Latisha Ross

Research Associate

  • Ph.D, University of Michigan, 2017
  • M.S., University of Michigan, 2013
  • B.S., New York University, 2008

As a Research Associate I support the translational research efforts of Youth Nex, working primarily with the Remaking Middle Schools project. I completed my K-12 education within the New York City Public School System. I earned my BS in Applied Psychology at New York University and my Master’s of Psychology and PhD in Education and Psychology at the University of Michigan. I have a professional background in positive youth development and an interest in understanding the ways in which families and community contexts contribute to the positive development of Black and Latinx youth. I worked with school- and community-based organizations in New York City and East Central New Jersey to offer student and parent support towards the goals of maximizing student potential and engagement, and parent confidence in supporting the positive development of their child(ren).

My research interests center on understanding the ways in which achievement motivation and academic engagement are socialized in adolescents and young adults. I focus on processes by which adolescents’ academic behaviors, attitudes, engagement and performance are shaped by parent academic socialization (PAS) messages and developmental contexts, and the impact of PAS messages on the academic and psychosocial outcomes of youth. My research has three main foci: 1) to further expand the field’s conceptualization of PAS, 2) to understand how parents’ attitudes/beliefs and adolescent contexts inform parenting and PAS messaging, and 3) to understand the impact of PAS messages, peer support, and school contexts on adolescent academic and social functioning. My growing program of research suggests that parent PAS messages have an impact on the ways in which adolescents build academic motivation and persistence, manage their engagement with academic content, and further develop their academic selves and skills.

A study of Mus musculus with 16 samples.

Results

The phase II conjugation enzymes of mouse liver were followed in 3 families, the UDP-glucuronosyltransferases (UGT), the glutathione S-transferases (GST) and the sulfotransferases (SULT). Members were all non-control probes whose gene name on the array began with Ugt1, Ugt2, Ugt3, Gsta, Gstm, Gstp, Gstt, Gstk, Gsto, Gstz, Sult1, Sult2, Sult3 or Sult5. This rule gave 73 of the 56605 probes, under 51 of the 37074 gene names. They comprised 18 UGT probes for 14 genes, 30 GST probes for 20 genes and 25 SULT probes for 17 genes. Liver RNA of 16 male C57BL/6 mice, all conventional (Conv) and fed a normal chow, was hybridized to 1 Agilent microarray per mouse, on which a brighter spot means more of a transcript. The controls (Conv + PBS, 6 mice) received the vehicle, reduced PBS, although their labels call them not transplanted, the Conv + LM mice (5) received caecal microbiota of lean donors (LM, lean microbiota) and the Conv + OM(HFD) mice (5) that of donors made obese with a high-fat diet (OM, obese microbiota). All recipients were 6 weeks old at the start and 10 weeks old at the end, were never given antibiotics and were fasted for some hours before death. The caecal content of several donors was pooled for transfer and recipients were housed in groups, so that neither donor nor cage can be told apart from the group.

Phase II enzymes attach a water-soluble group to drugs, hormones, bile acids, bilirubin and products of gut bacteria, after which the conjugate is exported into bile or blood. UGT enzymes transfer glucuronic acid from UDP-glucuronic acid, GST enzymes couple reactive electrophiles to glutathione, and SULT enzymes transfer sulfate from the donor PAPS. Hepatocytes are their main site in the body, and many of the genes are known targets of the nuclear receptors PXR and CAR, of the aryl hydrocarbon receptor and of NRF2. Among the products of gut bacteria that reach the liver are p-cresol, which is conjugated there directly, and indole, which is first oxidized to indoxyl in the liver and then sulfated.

Parent Academic Socialization Study (PASS): A Study of Parenting and Positive Youth Development

Pending IRB approval

Project Summary

PASS eFlyer [1] copy.jpg PASS is a focus group and survey study of the experiences of African American/Black 6th–12th grade students and one of their parents. The primary goal of this study is to understand the types of discussions that parents and their Black children have about school, and to learn more about the experiences of Black youth and their families in various types of school settings. Participation in this research will help identify ways in which parents support their Black adolescent children in their education and motivate them to do well in school.

Participants will complete an online survey (~60min), then participant in a respective parent or youth focus group (~90 min). Participants will be compensated for their time.

For more details about the study or to participate, contact: [email protected]

Funding Source

Curry IDEA Award

Principal Investigator

Latisha Ross



    2019 Curry Innovative, Developmental, Exploratory Award: What Black Parents Say Matters: Refining and Piloting A Measure of Parents’ Academic Socialization Messages.

    2019 American Education Research Association Grant: Math and Science Identity, Engagement, and Performance: The Influence of Parent and Peer Academic Socialization Within the Context of Schools.


    Cooper, S.M., Ross, L., Dues, A., Golden, A., & Burnett, M. (2019). Intergenerational factors, fatherhood beliefs, and African American fathers' involvement: Building the case for a mediated pathway. Journal of Family Issues.

    Varner, F., Hou, Y., Hurd, N., Ross, L., & Mattis, J. S. (2019). Dealing with discrimination: Parents’ and adolescents’ racial discrimination experiences and parenting in African American families. Cultural Diversity and Ethnic Minority Psychology.

    Ross, L., Marchand, A., Cox, V., & Rowley, S. (2018). Racial identity as a context for African American parents’ school trust and involvement and the impact on student preparation and persistence. Contemporary Educational Psychology. 55, 1-11.

    Rowley, S. J., Ross, L., Lozada, F. T., Williams, A., Gale, A., & Kurtz-Costes, B. (2014). Framing Black boys: Parent, teacher, and student narratives of the academic lives of Black boys. Advances in Child Development and Behavior. 47, 301-332.

    Rowley, S. J., Varner, F., Ross, L., Williams, A., & Banerjee, M., (2012). Toward a model of racial identity and parenting in African Americans. In J. M. Sullivan & A. M. Esmail (Eds.) African American Identity: Racial and Cultural Dimension of the Black Experience. pp. 273-288 (Chapter 11, ISBN: 978-0-7391-7174-5).